Title: Responsible research and ethics of communication
Private companies or interest groups use prominent researchers to promote certain products or ideas. While misleading public understanding of well-established scientific evidences seems to be an increasingly common part of some stakeholder's communication strategies, research communicators are left with an increased responsibility for fairness and ethical principles.
Last year (2015) an article in The New York Times revealed that Coca Cola had supported an international network of nutrition researchers (Global Energy Balance Network) with 33 Million $. This network promoted the idea that obesity in general is not caused by increased intake of sugar but lack of exercise. A Danish researcher who is part of this network claimed that he did not receive any money directly from his participation in the network, but he admitted he had a personal assignment with Coca Cola.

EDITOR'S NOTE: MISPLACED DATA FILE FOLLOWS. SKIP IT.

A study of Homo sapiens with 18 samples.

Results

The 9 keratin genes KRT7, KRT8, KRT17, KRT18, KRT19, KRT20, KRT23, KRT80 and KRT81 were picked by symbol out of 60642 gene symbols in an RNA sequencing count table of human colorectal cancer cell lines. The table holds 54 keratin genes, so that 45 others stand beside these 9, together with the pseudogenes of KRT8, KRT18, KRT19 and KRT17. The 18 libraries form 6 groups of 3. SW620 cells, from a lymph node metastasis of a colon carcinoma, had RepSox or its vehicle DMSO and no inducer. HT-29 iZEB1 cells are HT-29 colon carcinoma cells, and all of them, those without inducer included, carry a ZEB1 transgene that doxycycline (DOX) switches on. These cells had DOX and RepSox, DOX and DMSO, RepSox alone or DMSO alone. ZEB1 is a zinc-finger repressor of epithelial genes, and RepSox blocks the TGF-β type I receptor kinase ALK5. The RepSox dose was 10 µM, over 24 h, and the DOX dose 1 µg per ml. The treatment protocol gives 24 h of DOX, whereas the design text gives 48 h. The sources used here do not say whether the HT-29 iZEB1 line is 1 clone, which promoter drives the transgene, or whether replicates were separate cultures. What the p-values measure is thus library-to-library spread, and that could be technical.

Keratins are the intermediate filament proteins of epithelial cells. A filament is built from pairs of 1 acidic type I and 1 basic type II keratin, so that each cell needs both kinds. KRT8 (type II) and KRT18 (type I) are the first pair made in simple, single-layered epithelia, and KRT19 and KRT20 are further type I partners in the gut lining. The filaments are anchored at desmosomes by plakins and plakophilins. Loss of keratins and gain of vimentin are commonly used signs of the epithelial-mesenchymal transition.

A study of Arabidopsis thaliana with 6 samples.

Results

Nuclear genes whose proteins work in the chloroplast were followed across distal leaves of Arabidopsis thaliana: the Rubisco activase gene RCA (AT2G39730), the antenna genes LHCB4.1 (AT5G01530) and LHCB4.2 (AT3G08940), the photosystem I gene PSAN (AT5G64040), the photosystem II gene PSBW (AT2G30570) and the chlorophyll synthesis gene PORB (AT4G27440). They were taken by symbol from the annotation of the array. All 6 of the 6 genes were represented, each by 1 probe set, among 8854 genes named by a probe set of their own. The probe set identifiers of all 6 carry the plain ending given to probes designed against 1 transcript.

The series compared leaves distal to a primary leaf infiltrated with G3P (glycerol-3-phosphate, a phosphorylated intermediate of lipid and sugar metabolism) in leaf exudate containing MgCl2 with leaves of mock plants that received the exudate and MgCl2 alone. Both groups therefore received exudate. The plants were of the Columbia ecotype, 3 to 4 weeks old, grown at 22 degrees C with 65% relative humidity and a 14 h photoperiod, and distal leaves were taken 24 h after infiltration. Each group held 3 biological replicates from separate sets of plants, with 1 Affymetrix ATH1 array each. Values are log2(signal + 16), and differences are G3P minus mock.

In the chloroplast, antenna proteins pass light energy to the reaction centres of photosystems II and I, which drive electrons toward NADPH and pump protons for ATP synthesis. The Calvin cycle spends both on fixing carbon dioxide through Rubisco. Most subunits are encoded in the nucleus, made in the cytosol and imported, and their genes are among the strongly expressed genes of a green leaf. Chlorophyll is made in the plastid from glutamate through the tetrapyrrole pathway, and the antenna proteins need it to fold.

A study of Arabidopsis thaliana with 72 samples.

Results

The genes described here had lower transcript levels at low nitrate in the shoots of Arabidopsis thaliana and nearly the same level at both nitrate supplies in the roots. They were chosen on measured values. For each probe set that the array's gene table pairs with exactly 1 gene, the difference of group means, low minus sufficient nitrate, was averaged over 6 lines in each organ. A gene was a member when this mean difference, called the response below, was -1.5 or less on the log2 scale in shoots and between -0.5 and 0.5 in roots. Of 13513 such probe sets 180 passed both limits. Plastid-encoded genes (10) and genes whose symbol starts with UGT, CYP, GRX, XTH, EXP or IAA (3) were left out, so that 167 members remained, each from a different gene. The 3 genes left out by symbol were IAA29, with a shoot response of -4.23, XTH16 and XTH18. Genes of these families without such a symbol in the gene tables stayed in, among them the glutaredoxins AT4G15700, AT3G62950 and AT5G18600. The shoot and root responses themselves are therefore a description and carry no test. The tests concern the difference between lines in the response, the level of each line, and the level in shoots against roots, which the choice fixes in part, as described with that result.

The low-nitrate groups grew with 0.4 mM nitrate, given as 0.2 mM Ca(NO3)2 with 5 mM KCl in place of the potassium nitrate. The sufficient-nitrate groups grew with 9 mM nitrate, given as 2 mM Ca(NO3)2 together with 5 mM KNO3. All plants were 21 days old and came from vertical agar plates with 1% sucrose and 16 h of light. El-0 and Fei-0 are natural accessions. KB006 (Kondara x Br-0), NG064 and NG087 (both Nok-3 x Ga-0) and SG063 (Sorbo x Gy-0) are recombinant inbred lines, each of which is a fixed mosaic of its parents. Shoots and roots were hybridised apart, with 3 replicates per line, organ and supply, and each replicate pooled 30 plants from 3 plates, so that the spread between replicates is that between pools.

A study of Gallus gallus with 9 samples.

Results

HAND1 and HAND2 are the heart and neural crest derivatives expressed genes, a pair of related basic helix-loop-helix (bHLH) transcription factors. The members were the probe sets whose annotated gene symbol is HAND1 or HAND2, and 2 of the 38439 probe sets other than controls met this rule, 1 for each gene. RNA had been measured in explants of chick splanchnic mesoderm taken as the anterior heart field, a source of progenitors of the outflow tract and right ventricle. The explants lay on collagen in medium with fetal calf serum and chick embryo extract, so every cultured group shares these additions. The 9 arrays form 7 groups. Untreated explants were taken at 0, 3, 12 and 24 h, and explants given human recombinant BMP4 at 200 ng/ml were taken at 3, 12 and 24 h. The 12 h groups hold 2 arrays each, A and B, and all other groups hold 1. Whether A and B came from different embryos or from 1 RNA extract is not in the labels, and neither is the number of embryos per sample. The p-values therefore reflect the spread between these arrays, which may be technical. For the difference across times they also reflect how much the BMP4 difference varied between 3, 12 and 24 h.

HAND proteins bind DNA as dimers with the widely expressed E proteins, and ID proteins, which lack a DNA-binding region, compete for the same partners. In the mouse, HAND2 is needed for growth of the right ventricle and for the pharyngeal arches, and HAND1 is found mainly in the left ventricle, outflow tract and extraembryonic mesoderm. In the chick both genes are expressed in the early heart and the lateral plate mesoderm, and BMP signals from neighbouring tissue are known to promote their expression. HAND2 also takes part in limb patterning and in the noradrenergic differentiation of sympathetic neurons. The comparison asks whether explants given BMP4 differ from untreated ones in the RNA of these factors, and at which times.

This panel debate gives concrete examples of issues, which may be raised in the development of ethical guidelines in connection with responsible research and innovation (RRI). The session will give input to future ethical communication guidelines, as part of the EUSJA network within the NUCLEUS project. The European Commission supports the NUCLEUS project.
Jens Degett, Danish Science Journalists Association
Presentation of case and analysis of its perspective
Jari Kickbusch, Danish Science Journalists Association
University perspective of responsible communication
Dr. Wilhelm Krull, Volkswagen Foundation
Funding research and responsible communication
A copy of the full paper has not yet been submitted.